The Global Rundown
The UK’s Department for Environment, Food and Rural Affairs sets up a taskforce to reduce sewage spills in rivers and seas. The US Gulf Coast tries to recover from Hurricane Laura during extreme heat and the pandemic. Cavities found in the Thwaites glacier are contributing to rising sea levels in the Antarctic. The Ohio Environmental Protection Agency commits to stricter limits on nutrient pollution in parts of Lake Erie. An ancient archaeological site in Sudan is being threatened by severe flooding.
“The situation is under control, but if the level of the Nile continues to rise, the measures taken may not be sufficient.” – Marc Maillot, head of the French Archaeological Unit in the Sudan Antiquities Service. Rising Nile floodwaters are threatening to swamp an ancient archaeological site in Sudan that includes the famous Meroe pyramids, a UNESCO World Heritage site. Rivers in Sudan have reached some of the highest ever recorded levels, forcing teams to set up sandbag walls and pump out water to prevent damage at the ruins of Al-Bajrawiya, once a royal city of the two-millennia-old Meroitic empire. Sudan’s ancient civilizations built more pyramids than the Egyptians, but many are still unexplored. Al Jazeera
Latest WaterNews from Circle of Blue
Removing Carbon from Air, Which Increases Water Use, Is No Simple Climate Fix – Certain ways of drawing carbon out of the atmosphere to keep global temperatures in check come with substantial tradeoffs for water use, water quality, and food production, study finds.
HotSpots H2O: In Kenya, Lake Water Rise Endangers Livelihoods and Wildlife – Rising water levels in the lakes along with the Great Rift Valley have pushed thousands in Kenya from their homes, endangering people’s livelihoods and wildlife in the region.
By The Numbers
177,000 The estimated number of people in Southwest Louisiana who lack running water after Hurricane Laura wreaked havoc on the U.S. Gulf Coast last month. Residents in the region are working to recover from the disaster, even as they face extreme heat and the threat of contracting Covid-19. Hurricane Laura was one of the strongest storms to strike this portion of the Gulf, where Louisiana and Texas begin to blend together. One of the major concerns leading up to Laura’s landfall was that evacuations would lead to thousands of new Covid-19 cases. Now that the storm has passed, some local residents fear the hurricane will distract people from taking precautions like wearing masks and standing six feet apart. National Geographic
- In Pandemic, New Thinking on Responding to Weather Disasters
- Hurricane Laura Critically Damages Louisiana Drinking Water Facilities
15 The number of chief executives of water companies that met with the UK’s environment minister, Rebecca Pow, on Wednesday, where she called on them to take further action to protect the environment, improve leakage levels and safeguard water supplies. The UK Department for Environment, Food and Rural Affairs set up a taskforce to cut the frequency of sewage discharges into rivers and seas from storm overflows, following revelations in the Guardian that water companies released raw sewage into rivers more than 200,000 times last year. The Conservative chair of the environmental audit committee, Philip Dunne, is also pursuing a campaign to change the law to forbid water companies from discharging raw sewage into waterways. The Guardian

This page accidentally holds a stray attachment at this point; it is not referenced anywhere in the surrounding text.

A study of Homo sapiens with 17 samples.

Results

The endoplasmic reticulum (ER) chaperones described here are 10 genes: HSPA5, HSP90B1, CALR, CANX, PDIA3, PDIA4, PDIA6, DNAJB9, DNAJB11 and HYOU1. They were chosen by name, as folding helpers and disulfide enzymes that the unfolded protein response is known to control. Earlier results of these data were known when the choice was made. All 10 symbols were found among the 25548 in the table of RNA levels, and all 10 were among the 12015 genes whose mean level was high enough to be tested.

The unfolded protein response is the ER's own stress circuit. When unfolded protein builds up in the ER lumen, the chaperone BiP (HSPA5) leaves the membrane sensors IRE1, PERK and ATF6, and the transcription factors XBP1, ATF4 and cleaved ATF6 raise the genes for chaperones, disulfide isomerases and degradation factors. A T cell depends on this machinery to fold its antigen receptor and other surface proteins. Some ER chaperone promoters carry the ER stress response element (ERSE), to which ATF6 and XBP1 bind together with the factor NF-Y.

Science, Studies, and Reports
British scientists have mapped cavities half the size of the Grand Canyon that are allowing warm ocean water to erode the vast Thwaites glacier in the Antarctic, accelerating the rise of sea levels across the world. Using an aircraft, ship and robot submarine, the British Antarctic Survey and a US team traced the seabed terrain and the bottom of the ice shelf to measure the gaps that have opened between previously grounded sections of the glacier. The study comes at a time when ice loss from glaciers has increased more than fivefold over the last 30 years. If the Thwaites glacier collapses completely, it could raise sea levels by another 25 inches (63.5 centimeters). Many scientists believe that process is already underway, and the author of the study said the most cost-effective way to ease climate impacts such as this is cutting carbon emissions. The Cryosphere
On the Radar
The Environmental Law & Policy Center in Chicago has appeared to force the hand of the Ohio Environmental Protection Agency (OEPA) in seeking solutions to Lake Erie’s ongoing nutrient pollution problem. Days after filing a lawsuit to force the OEPA to create a total maximum daily load (TMDL) for western Lake Erie, Ohio Gov. Mike DeWine announced the OEPA intended to do just that. The lawsuit claims the U.S. EPA failed to create a TMDL previously, which sets a specific limit of nutrient pollution, and violated the Clean Water Act. A spokesman from the OEPA declined to comment on the pending litigation but said the TMDL will be a valuable component of a mitigation strategy for Lake Erie. Great Lakes Now
Jane is a Communications Associate for Circle of Blue. She writes The Stream and has covered domestic and international water issues for Circle of Blue. She is a recent graduate of Grand Valley State University, where she studied Multimedia Journalism and Women, Gender and Sexuality Studies. During her time at Grand Valley, she was the host of the Community Service Learning Center podcast Be the Change. Currently based in Grand Rapids, Michigan, Jane enjoys listening to music, reading and spending time outdoors.